Control of growing air traffic over New Zealand will be revamped with a $58 million project that Airways says will be more efficient and robust but could lead to job losses.

The state-owned enterprise has announced it will replace its current air traffic management (ATM) platforms over the next four years.

Global technology company Leidos will provide the new system and Airways will build two new control systems in Auckland and Christchurch.

The Leidos Skyline X system will replace Airways' two existing ATM platforms which were installed between 2000 and 2003 and are nearing the end of their useful lives. The system is expected to become operational in New Zealand's domestic airspace in 2020 and in oceanic airspace in 2021.
 
Airways chief operating officer, Pauline Lamb said the new system will allow Airways to implement a new operating model as well as take advantage of advances in tools to optimise the air traffic system and staff deployment.


''The skill sets of our controllers will need to change. In the longer term it will lead to a reduction of overall headcount and allow us to to grow the business in other way," Lamb said.

''We've committed to airline customers that by 2028 we will deliver $84m worth of benefits to them by reducing our costs, reducing their costs of fuel burn and enhancing the resilience of the system by being able to handle what ever comes our way."

Jonathan Brooks, The New Zealand Air Line Pilot's Association (NZALPA) Air Traffic Control Director today said "Airways has kept us abreast of the developments regarding their proposed air traffic management platforms and they have assured us that, should there be any job losses as a consequence of the proposed changes, then these would be absorbed through attrition. If there was to now be a change of direction, then we would expect that we would be involved in that conversation to work through any issues collaboratively."

"Clearly change is coming at Airways and we expect to be fully consulted and treated as an integral part of managing this change process. Our members are highly skilled in their areas of work responsibility and we are sure they will be able to adjust to change professionally and upskill if required," Brooks said.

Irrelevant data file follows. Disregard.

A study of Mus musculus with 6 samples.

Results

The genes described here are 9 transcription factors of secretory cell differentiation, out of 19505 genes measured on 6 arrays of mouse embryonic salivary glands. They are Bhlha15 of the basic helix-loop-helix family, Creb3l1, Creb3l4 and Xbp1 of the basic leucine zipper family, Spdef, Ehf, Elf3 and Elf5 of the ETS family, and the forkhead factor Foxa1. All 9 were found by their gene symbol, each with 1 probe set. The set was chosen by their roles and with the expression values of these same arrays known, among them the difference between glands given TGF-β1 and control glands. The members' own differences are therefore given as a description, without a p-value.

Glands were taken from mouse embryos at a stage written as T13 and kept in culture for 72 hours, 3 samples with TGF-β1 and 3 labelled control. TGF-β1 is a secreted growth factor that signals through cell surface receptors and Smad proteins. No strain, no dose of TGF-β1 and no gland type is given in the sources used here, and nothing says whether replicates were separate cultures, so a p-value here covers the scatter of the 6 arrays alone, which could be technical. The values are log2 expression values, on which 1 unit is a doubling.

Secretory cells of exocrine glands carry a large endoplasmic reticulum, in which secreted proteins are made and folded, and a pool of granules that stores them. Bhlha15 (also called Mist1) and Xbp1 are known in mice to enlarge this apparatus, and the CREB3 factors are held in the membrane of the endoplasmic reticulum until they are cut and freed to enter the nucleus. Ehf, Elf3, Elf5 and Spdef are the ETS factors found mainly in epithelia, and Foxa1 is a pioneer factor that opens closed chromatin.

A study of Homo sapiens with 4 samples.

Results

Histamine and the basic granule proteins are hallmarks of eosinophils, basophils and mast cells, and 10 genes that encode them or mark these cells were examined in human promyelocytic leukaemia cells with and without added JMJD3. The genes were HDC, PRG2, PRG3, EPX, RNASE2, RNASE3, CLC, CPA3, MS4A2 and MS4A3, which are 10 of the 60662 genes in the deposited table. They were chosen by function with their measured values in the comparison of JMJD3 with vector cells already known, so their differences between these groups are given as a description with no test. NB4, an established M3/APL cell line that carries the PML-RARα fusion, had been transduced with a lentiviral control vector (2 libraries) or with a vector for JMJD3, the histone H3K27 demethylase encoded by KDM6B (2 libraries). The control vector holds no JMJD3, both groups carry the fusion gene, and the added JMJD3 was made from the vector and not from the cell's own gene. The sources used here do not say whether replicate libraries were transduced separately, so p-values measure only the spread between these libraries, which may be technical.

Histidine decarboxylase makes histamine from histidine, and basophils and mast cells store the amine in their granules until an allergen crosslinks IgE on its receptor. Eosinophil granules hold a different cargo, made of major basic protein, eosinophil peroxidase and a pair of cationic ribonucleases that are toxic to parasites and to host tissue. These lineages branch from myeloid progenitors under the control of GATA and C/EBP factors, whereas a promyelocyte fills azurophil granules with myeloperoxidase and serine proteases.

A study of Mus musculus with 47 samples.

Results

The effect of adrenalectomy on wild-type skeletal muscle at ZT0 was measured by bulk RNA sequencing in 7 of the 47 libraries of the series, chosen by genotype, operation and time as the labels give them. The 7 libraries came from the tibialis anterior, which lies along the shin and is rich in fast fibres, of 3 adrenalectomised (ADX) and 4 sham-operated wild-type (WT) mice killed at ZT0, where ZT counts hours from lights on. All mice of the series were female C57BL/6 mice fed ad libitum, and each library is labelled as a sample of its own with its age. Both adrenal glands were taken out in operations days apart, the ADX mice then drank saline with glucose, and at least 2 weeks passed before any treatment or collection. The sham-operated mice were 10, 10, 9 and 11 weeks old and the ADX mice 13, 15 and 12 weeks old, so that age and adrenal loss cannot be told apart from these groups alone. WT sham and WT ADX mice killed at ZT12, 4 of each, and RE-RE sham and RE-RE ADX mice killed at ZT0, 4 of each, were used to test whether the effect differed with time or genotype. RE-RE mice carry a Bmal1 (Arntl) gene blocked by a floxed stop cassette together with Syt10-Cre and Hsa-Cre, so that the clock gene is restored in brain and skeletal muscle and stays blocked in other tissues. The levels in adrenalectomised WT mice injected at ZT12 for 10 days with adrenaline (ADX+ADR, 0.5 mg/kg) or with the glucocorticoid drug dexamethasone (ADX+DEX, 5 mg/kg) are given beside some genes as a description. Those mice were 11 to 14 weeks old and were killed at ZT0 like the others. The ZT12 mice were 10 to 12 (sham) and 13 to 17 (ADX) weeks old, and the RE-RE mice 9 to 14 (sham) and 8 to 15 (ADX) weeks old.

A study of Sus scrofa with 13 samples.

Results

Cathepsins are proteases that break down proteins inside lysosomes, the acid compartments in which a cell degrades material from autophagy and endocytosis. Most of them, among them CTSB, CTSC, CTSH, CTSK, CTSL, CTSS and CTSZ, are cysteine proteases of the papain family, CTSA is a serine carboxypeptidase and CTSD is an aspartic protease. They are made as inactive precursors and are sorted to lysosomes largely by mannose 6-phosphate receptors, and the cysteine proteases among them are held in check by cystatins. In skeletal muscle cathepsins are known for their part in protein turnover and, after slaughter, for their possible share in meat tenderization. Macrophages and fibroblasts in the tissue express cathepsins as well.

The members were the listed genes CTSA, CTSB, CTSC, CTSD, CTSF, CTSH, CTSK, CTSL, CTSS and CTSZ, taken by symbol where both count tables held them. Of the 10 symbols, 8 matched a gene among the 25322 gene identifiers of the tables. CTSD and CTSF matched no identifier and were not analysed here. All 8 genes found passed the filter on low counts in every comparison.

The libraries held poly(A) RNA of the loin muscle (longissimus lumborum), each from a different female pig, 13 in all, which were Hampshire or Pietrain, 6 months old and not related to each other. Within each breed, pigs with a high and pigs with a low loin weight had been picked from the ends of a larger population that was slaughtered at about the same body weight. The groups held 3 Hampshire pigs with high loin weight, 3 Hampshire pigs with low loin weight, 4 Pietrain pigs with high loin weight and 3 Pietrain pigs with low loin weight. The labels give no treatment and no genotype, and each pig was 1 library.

The tourism and outbound travel boom pushed air traffic volumes to record levels this summer.
 
Air traffic volumes are up 11 per cent from last year and 18 per cent on on two years ago and forecast to grow by 50 per cent over the next decade.

Airways typically manages around 280,000 aircraft movements in New Zealand airspace between January and March annually. However, the company has seen notable increases in the number of jet aircraft movements which will rise to more than 50,000 over the quarter from a low of 42,000 in summer 2012.

A controller at Airways' Oceanic Control Centre in Auckland. Photo / Grant Bradley
A controller at Airways' Oceanic Control Centre in Auckland. Photo / Grant Bradley

The new control system will have advanced tools such as medium and long term conflict alerting, time based separation and arrival and departure management tools to make travel more efficient.

At present Airways' main operation is in Christchurch which controls most of the domestic airspace while Auckland controls the vast oceanic area.

Lamb said the new centres will be able to do both jobs so if one was down because of a natural disaster or terrorist attack the other would handle the control of the network which has 19 staffed towers.

Airways would also assess how the new centres and system could do the work of regional control towers.

Asked whether this could mean to closures she said that would depend on traffic volumes..

''At the busiest towers we may always need staff at the airfield - where we've got low density operations this system gives us a baseline to offer services to ensure we can serve the regions efficiently."

The project is the latest Airways revamp which has resulted in capital spending climbing from about $12m to $14m five years ago to around $41 m a year currently.